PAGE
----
Indonesian maggot farmer Rendria Labde spoils his black soldier flies with tasty treats and no wonder: to him, they are warriors fighting an urgent battle against the mounds of food waste threatening to spill over from Jakarta’s landfill.
Most of the rubbish from this city of more than 10 million people, including food waste, ends up in the Bantar Gebang landfill in Bekasi, a nearby satellite city.
But Labde had a better idea - feed the discarded food to his black soldier flies and then sell dried maggots to animal and fish feed makers. And so, he founded Magalarva.
“Being a city boy, I looked around at what is the biggest problem in the city. I needed to do something about the waste,” said Labde, who launched Magalarva in 2018 and goes by the nickname ‘fly guy’.
Magalarva collects food waste, which is then sorted at its facility and used as a feed source for black soldier fly larvae. The bioconversion process converts food waste into high-protein body mass of larvae and organic fertilisers.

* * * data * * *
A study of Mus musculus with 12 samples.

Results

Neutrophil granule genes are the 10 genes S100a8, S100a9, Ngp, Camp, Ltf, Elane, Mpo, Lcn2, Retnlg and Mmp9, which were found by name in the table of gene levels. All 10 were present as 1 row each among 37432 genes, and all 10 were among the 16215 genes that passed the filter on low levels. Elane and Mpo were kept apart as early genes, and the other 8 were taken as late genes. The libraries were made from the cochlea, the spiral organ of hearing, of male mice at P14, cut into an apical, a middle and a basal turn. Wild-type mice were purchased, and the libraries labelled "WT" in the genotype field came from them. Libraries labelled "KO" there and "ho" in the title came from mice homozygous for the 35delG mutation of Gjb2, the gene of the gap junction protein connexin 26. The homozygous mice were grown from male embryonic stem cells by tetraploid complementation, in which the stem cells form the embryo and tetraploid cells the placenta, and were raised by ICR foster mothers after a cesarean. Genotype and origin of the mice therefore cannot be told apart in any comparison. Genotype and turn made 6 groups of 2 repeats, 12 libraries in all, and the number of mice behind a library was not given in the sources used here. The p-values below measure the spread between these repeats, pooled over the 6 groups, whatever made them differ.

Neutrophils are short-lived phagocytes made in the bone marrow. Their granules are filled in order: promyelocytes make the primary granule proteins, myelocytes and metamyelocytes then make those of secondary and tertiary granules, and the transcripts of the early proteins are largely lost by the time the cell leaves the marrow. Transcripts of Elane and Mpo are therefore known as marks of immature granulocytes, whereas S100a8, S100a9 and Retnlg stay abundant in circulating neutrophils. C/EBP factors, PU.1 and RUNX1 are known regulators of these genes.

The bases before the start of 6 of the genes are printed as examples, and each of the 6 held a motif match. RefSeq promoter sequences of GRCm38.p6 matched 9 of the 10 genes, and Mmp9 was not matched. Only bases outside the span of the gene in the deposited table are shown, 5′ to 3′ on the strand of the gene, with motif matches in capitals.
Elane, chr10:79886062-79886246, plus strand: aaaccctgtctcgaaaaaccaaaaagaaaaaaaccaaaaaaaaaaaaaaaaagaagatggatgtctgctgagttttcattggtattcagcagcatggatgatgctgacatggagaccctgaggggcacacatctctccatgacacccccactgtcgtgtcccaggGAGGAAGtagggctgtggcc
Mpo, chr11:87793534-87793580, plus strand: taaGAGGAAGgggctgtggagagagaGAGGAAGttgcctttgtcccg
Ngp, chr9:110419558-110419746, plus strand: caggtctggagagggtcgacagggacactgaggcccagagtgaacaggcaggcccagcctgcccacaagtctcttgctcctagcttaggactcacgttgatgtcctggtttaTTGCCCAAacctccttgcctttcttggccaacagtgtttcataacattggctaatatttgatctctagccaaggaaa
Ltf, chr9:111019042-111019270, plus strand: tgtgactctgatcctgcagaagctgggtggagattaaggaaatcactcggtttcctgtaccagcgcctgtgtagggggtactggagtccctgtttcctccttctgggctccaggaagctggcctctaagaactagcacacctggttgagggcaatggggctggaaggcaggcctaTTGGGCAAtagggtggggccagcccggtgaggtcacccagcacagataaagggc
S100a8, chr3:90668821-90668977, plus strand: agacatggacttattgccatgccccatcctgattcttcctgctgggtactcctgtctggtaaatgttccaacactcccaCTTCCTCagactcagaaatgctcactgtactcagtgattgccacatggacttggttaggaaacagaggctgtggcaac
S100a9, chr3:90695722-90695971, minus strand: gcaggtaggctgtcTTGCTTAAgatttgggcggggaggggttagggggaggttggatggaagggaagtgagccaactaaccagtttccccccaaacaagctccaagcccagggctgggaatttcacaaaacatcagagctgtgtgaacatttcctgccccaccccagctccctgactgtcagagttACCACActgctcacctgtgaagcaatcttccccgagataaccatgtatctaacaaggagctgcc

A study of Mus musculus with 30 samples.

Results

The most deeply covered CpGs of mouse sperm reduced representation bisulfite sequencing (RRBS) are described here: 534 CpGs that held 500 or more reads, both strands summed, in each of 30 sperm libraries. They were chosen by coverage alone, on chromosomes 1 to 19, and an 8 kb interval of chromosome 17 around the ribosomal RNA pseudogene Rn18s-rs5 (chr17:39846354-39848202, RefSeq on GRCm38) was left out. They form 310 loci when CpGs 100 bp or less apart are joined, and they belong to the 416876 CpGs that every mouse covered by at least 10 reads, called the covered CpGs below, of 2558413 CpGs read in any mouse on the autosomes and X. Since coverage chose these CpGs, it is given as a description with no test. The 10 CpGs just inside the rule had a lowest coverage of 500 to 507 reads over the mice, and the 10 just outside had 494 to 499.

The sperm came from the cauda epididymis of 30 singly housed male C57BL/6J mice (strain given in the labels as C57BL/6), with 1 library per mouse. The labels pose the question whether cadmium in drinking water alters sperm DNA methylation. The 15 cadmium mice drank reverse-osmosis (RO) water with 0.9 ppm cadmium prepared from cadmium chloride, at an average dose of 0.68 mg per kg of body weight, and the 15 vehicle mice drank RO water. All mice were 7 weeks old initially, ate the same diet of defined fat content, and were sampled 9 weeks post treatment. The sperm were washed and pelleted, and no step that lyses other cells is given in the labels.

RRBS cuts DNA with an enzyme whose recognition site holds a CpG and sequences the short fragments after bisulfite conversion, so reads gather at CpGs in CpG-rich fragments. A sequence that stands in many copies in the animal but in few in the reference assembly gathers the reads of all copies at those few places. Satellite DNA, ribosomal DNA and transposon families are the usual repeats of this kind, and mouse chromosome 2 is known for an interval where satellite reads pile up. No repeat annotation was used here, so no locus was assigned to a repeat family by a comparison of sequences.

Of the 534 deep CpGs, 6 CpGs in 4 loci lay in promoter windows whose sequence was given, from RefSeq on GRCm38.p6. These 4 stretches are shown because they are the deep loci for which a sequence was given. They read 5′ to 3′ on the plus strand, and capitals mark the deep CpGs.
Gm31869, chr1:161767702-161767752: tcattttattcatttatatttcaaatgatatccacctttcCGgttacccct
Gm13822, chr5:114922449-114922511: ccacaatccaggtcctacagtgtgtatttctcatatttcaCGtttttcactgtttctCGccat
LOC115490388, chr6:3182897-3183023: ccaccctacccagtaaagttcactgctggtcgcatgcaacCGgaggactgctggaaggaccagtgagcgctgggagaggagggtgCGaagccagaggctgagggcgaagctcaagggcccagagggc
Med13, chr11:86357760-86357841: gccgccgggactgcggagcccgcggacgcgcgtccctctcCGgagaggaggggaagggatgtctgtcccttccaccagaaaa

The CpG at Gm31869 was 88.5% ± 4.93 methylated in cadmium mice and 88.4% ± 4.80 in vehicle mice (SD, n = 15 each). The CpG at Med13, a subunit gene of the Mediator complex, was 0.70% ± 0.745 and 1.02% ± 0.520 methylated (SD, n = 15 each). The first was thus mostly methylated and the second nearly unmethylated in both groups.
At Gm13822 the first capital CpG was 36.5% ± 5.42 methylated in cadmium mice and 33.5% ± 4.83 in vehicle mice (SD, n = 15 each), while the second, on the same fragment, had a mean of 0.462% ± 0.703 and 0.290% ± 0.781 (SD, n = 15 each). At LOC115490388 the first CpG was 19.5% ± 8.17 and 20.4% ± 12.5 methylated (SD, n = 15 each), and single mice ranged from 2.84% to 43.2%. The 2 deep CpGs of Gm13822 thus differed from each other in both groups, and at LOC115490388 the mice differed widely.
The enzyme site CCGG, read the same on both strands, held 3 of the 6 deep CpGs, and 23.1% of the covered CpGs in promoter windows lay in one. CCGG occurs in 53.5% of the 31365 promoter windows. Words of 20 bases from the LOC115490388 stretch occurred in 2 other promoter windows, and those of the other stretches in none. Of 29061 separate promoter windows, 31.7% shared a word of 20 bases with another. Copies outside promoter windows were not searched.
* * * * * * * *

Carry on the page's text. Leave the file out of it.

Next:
Today, the company takes in 5-6 tonnes of food waste per day and produces about 250 kilogrammes of dried larva.
It all started in 2016 when Labde decided to find out more about his own trash trail by following it to Bantar Gebang, a “monumental” moment that left him awed by the landfill’s size and how badly maintained it was.
Poorly designed landfills can contaminate groundwater and emit GHGs (greenhouse gases) into the atmosphere.
Nick Jeffries, senior expert, Ellen MacArthur Foundation
As Jakarta’s wealth and population have soared in recent years, vital infrastructure like rubbish collection and recycling services have struggled to keep pace.
Many Indonesian cities rely on informal scavengers to keep streets clean, with valuable trash separated and sometimes recycled while the rest is often burned by roadsides or thrown into waterways where it can cause flooding or wash downstream to blight coastal areas of the archipelago.
Most of the rest of the rubbish ends up at landfill sites, which globally account for around 11 per cent of methane emissions. This is expected to rise about 70 per cent by 2050 as the world’s population continues to climb, according to the World Bank.